If you’re about to make the decision to relocate due to a promotion or new work opportunity, congratulations! But before you jump all in, here are a few things to take into account.
Vern May, Economic Development Officer at Minnedosa & Area Community Development Corporation, says to consider the financial aspect of things when moving for a new job– aside from the salary offered.
“If you have been interviewed and offered a position, ensure that the negotiation includes a moving allowance. The costs for a move include more than just the rental of a truck and the gas you need to get to the town,” says May.
Costs to Consider
- Change of mailing address and forwarding of mail
- Change of personal documents (i.e. driver’s licenses)
- Hook up fees/deposits for various utilities
- Damage deposit for rental properties until a home can be found
- (If out of State/Province) Re-licensing vehicles, which may require a local safety assessment and any required vehicle repairs.
This is especially important when the job may have an expiration date (if there’s a contract good for only 2 or 3 years) consider that the company (or yourself) may not choose to stay in that location more than that time frame and decide if it’s worth the cost.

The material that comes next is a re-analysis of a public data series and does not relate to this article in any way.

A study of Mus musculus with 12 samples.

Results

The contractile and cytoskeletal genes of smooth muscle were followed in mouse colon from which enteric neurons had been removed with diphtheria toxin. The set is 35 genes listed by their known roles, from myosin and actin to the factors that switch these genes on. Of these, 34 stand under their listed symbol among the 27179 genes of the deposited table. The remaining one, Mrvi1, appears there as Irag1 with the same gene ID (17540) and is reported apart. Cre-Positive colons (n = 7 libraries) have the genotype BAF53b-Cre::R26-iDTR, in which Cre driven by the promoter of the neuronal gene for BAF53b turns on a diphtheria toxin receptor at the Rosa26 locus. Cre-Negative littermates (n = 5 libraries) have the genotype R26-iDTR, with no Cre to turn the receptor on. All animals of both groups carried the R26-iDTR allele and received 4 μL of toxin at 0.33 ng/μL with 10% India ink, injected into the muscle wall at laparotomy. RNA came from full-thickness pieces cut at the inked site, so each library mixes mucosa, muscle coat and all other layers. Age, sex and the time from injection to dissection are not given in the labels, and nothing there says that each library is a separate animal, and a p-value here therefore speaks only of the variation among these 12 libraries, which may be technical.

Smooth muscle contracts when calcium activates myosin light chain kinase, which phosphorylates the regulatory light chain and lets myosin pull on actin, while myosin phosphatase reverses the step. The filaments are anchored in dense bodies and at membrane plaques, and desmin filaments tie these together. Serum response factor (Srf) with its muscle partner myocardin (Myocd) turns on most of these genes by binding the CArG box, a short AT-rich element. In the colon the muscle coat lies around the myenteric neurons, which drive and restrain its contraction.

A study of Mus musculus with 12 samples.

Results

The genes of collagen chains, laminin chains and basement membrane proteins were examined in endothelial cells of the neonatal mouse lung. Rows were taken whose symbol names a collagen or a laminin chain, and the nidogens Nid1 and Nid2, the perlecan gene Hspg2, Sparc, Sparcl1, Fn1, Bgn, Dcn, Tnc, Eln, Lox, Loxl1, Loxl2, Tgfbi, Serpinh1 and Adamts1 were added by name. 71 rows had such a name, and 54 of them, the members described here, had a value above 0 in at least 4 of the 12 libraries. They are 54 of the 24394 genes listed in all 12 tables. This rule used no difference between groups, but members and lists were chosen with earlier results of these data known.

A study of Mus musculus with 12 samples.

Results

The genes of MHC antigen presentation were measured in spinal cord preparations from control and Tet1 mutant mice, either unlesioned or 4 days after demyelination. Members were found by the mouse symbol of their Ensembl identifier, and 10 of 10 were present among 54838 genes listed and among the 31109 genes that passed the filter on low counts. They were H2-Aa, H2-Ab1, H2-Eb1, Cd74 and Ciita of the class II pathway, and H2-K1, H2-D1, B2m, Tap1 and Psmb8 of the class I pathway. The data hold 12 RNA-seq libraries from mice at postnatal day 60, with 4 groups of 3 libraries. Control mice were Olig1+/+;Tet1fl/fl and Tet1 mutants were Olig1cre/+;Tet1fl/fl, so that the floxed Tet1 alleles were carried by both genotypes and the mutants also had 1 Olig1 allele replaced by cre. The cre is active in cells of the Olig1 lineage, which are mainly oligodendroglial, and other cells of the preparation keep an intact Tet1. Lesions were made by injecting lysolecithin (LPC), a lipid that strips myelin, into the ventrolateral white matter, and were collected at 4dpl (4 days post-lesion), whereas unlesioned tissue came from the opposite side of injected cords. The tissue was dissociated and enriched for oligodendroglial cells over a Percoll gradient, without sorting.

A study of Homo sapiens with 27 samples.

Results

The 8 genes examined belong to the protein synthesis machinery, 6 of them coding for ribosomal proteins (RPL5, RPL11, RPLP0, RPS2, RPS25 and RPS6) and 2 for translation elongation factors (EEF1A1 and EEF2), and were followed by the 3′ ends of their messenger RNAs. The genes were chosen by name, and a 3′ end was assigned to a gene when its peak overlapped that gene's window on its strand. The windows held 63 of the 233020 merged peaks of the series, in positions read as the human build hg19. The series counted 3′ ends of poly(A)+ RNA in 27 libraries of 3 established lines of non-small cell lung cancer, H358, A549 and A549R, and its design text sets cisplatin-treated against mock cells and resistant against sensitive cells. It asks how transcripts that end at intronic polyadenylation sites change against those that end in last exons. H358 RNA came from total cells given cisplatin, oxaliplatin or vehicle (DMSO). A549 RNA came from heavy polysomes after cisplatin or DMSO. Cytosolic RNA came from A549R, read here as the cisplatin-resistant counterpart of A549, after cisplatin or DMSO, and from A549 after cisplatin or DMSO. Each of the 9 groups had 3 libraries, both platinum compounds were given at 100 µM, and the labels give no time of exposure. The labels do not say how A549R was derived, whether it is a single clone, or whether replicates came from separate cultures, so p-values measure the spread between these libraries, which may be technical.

May also says that if you have a family, you should consider the cost of childcare in a new city.
“In many places, the waiting lists for childcare are long – sometimes up to a year. As soon as you have been given an offer for employment, start to investigate your childcare options- licensed daycares, private providers etc. Where childcare is available may dictate where you locate yourself temporarily or permanently, even if this means that you are going to have an added commute. Childcare can be one of the most significant details to firm up,” explains May.
And sometimes, even if the offer has an extreme salary or position upgrade, it may not be as much money considering the cost of living of the new community.
Don’t Just Go By Salary
May says to really check the benefits offered (health, 401K, holiday time and other perks) and see how much that amounts to in the big picture.
“You may find that if you are basing your decision on salary alone that your exciting offer isn’t so thrilling after all,” says May.
Lastly, May tells us to check with your mortgage provider if you’re looking to buy a home in the new city.
“Assess the housing market where you’re going and have a property in mind before you sell your home,” says May.
These are just a few of the things you should think about when making a career move. Remember that almost anything is negotiable, so feel comfortable addressing some of these things with your new employer. Sometimes they will make exceptions and provide something you need (that they weren’t originally offering) in order to keep you. Good luck!